In February, we reported that Steve Murray had left CCMP Capital, the New York-based private equity firm where he had served as co-founder and CEO. At the time, CCMP said that his departure was “health-related,” but declined to provide any additional comment.
Last Thursday, Murray died in his own home at the age of 52.
What follows is something I’ve been struggling with, but which I’ve obviously decided to report. Namely because there is as much professional as personal in this situation, and that’s my job (some may disagree, and that’s understandable).
Multiple sources now say that CCMP was tipped off in mid-December that Murray might have a serious substance abuse problem. It was not something that any of his partners had previously suspected, but a subsequent investigation led the firm, in January, to place Murray on a 60-day medical leave of absence. In written correspondence with limited partners, CCMP used the same “health-related” terminology that it would use in February after determining that the separation with Murray needed to be made permanent.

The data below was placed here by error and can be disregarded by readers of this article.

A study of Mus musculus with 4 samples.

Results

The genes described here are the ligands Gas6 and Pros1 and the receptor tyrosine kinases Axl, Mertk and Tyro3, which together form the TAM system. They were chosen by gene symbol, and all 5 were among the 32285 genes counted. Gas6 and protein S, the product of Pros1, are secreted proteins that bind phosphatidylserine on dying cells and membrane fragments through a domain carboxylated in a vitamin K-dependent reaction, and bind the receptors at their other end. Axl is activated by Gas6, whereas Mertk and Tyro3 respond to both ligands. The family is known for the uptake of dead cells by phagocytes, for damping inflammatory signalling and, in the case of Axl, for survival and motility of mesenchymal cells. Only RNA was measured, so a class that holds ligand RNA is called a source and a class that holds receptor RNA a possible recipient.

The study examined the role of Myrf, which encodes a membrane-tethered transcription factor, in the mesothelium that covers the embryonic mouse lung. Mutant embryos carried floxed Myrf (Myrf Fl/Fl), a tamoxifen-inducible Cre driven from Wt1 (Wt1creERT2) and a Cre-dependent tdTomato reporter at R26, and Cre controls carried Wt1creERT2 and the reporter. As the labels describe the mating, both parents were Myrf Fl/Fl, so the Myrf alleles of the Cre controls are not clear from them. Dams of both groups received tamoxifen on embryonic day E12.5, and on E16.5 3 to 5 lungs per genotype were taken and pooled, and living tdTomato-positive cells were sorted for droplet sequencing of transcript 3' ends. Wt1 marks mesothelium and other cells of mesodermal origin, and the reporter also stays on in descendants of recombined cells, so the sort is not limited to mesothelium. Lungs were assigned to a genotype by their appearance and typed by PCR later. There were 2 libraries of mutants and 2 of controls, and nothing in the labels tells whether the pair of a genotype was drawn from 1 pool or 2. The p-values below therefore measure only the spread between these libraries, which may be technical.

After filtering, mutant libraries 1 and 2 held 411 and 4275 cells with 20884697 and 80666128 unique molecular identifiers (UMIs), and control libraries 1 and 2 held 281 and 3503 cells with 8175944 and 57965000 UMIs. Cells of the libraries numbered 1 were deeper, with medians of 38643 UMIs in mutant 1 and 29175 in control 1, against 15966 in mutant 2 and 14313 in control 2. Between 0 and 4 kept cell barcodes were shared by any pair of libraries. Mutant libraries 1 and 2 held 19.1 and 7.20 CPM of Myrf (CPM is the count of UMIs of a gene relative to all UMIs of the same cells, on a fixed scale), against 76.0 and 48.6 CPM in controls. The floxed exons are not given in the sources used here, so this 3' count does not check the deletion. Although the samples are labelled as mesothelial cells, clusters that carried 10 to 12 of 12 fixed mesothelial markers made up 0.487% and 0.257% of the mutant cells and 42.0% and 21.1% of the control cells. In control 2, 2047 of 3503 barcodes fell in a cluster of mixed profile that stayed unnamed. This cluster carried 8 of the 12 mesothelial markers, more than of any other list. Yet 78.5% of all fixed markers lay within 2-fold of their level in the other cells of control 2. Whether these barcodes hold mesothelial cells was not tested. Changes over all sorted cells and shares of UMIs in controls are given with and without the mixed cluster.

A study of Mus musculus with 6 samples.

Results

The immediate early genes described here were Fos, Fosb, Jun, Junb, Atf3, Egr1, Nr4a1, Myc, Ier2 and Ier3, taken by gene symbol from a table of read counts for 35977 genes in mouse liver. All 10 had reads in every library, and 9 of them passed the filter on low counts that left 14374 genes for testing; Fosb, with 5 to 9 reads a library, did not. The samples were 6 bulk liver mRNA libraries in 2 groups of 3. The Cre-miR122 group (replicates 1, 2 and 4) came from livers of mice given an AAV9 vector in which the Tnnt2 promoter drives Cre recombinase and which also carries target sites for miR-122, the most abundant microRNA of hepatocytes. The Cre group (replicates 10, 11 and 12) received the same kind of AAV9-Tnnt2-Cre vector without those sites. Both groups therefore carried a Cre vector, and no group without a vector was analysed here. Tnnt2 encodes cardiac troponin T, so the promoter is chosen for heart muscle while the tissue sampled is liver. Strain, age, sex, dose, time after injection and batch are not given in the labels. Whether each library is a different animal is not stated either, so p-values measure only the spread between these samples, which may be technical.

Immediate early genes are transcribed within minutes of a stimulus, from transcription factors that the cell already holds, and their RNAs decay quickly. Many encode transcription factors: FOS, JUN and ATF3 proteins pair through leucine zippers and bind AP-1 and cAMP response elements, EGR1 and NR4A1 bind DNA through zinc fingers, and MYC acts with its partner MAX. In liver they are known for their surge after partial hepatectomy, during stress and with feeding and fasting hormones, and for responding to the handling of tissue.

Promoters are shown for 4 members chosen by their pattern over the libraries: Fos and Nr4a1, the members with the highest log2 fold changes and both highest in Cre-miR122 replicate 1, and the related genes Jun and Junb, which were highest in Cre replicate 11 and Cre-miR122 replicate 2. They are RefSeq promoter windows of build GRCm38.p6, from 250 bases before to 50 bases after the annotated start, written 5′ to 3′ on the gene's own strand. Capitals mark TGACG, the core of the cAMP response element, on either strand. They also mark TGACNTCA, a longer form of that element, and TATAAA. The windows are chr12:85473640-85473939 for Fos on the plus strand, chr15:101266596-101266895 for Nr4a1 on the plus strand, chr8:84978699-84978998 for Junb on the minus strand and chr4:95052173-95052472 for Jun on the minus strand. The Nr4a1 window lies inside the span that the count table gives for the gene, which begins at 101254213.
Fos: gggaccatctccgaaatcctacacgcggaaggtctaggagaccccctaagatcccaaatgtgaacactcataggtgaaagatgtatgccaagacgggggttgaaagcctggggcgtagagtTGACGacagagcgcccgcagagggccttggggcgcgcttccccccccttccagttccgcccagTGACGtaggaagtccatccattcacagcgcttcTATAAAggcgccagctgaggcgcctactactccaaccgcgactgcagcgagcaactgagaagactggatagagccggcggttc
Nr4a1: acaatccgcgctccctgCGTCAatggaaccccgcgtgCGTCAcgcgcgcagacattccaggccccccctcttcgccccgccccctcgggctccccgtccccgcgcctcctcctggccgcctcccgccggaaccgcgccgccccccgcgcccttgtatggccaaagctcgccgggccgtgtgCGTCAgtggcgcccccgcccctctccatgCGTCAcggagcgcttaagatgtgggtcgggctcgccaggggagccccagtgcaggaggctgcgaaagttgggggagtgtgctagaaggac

It appears that CCMP was more forthcoming in response to verbal queries from certain LPs — including members of its LP advisory committee — but never in writing (likely for legal reasons).
For CCMP, this situation is about more than personal tragedy and professional embarrassment. Murray’s departure triggered a key-man provision on a $3.6 billion fund that closed just last September.
CCMP actually had multiple key-man clauses on the fund: Sole provisions for both Murray and then-chairman (now CEO) Greg Brenneman, and also for a certain majority of its investment committee. A rolling reinstatement process is now underway. I would imagine that it will pass (i.e., the firm will get to keep investing) — particularly given that the fund is already around 40% committed, and LPs committed to the broader team within the past year — but not all the votes are in yet.
CCMP declined to comment for this story.